May this thread be used for discussing alternate translations of popular Pali words.
Popular translation: suffering, stress
Potentially more suitable translation: sadness, unhappiness
Reasoning: in current Indian languages, dukkha and sukha are commonly used simply ordinary words that seem most equivalent to sadness and happiness, sad and happy, etc.
Popular translation: mindfulness
Potentially more suitable translation: memory, carefulness
Reasoning: mindfulness seems to have come from the Judeo-Christian context meaning “keeping the mind full of God.” Furthermore, it doesn’t seem to be a simply, ordinary word that fits with the rest of the seven parts of the eightfold path (view, intention, speech, action, livelihood, effort, concentration). “According to Robert Sharf, smṛti originally meant “to remember”, “to recollect”, “to bear in mind”, as in the Vedic tradition of remembering the sacred texts. The term sati also means “to remember”.”
Popular translation: meditation
Potentially more suitable translation: cultivation, development
Reasoning: "To explain the cultural context of the historical Buddha’s employment of the term, Glenn Wallis emphasizes bhavana’ s sense of cultivation. He writes that a farmer performs bhavana when he or she prepares soil and plants a seed. Wallis infers the Buddha’s intention with this term by emphasizing the terrain and focus on farming in northern India at the time in the following passage:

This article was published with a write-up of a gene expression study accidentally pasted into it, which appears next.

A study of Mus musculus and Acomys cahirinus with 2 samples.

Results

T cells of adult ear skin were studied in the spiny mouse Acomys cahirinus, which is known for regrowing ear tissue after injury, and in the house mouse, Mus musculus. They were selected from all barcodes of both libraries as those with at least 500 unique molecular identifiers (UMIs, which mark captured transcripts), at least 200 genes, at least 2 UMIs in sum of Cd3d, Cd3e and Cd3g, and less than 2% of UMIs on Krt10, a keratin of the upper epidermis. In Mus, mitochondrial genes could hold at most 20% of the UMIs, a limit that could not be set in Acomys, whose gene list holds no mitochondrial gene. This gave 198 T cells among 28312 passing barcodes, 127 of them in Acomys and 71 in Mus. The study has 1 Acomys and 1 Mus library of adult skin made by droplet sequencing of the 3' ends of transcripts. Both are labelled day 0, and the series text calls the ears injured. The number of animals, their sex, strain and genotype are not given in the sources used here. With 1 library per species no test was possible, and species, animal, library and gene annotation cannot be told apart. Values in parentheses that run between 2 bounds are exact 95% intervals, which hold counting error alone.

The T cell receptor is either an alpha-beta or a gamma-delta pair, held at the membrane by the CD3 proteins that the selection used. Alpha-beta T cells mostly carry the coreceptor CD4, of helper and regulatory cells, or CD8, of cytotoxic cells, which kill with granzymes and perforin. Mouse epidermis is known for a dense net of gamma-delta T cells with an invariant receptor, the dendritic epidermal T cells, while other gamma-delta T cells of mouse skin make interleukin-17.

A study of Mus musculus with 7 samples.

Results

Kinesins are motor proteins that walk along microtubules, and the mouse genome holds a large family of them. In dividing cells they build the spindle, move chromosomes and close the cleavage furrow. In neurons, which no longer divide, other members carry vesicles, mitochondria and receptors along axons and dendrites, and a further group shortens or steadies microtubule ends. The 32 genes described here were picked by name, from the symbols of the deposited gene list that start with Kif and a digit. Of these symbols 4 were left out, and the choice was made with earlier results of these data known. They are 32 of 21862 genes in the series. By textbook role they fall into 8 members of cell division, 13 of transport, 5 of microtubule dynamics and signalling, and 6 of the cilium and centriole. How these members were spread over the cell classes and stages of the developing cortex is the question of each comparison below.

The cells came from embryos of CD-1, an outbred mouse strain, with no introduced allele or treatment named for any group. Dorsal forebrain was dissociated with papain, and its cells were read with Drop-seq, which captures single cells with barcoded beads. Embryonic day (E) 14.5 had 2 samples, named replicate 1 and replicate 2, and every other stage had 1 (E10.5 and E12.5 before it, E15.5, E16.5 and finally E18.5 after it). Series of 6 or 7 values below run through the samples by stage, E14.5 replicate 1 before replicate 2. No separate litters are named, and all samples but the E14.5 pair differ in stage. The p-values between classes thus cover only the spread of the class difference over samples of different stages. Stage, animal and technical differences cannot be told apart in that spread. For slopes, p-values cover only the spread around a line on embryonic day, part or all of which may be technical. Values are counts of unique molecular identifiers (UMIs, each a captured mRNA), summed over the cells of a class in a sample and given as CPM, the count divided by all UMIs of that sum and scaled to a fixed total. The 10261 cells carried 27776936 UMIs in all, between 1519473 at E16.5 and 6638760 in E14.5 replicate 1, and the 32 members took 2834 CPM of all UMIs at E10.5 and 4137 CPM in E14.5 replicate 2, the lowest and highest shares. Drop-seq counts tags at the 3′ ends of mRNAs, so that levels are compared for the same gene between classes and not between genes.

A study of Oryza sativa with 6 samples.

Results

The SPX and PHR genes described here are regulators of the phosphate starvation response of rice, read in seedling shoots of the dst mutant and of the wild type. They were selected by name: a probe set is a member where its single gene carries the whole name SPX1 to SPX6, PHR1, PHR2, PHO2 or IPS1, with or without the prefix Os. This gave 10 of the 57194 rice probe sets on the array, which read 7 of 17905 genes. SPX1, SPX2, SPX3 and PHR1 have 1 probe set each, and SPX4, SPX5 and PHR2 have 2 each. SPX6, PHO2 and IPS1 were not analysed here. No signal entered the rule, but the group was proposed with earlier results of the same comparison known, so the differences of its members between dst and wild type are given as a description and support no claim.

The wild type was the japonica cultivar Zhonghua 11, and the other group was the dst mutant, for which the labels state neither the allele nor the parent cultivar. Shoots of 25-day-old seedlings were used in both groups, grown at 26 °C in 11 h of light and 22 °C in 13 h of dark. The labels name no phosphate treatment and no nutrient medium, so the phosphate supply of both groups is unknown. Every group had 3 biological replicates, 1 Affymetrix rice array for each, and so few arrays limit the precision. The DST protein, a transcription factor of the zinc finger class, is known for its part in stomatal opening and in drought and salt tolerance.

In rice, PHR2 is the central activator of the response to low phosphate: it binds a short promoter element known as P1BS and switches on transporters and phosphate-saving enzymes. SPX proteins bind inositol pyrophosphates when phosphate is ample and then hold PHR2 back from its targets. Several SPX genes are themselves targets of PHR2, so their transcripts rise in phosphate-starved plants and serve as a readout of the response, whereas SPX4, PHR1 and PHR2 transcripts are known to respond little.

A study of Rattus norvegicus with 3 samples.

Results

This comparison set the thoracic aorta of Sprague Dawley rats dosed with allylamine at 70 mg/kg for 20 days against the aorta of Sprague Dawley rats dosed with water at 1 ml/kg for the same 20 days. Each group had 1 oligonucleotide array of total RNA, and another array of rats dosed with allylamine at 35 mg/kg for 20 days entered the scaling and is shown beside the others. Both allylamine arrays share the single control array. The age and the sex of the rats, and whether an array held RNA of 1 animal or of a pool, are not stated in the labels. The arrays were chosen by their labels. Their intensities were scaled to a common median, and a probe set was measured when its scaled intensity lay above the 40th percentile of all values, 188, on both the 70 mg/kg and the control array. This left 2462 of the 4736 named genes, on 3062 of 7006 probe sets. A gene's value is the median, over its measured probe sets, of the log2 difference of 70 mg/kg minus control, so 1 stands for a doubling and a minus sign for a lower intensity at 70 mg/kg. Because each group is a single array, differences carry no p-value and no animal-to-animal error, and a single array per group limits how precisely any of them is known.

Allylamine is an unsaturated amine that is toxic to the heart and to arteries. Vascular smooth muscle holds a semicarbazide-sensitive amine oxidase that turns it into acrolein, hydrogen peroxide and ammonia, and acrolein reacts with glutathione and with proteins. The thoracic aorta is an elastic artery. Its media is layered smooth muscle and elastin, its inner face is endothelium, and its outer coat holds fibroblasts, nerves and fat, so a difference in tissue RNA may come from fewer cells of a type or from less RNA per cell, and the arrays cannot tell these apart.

I imagine that when Gotama, the Buddha, chose this word to talk about meditation, he had in mind the ubiquitous farms and fields of his native India. Unlike our words ‘meditation’ or ‘contemplation,’ Gotama’s term is musty, rich, and verdant. It smells of the earth. The commonness of his chosen term suggests naturalness, everydayness, ordinariness. The term also suggests hope: no matter how fallow it has become, or damaged it may be, a field can always be cultivated — endlessly enhanced, enriched, developed — to produce a favorable and nourishing harvest.
Bhavana - Wikipedia
Popular translation: craving
Potentially more suitable translation: thirst, psychological thirst
Reasoning: Tanha (Pāli: Taṇhā , also tanha ; Sanskrit: tṛṣṇā , also trishna ) literally means “thirst,” and is commonly translated as craving or desire.
Please feel free to offer feedback for these alternate translations and provide your own ideas and examples regarding this topic here too.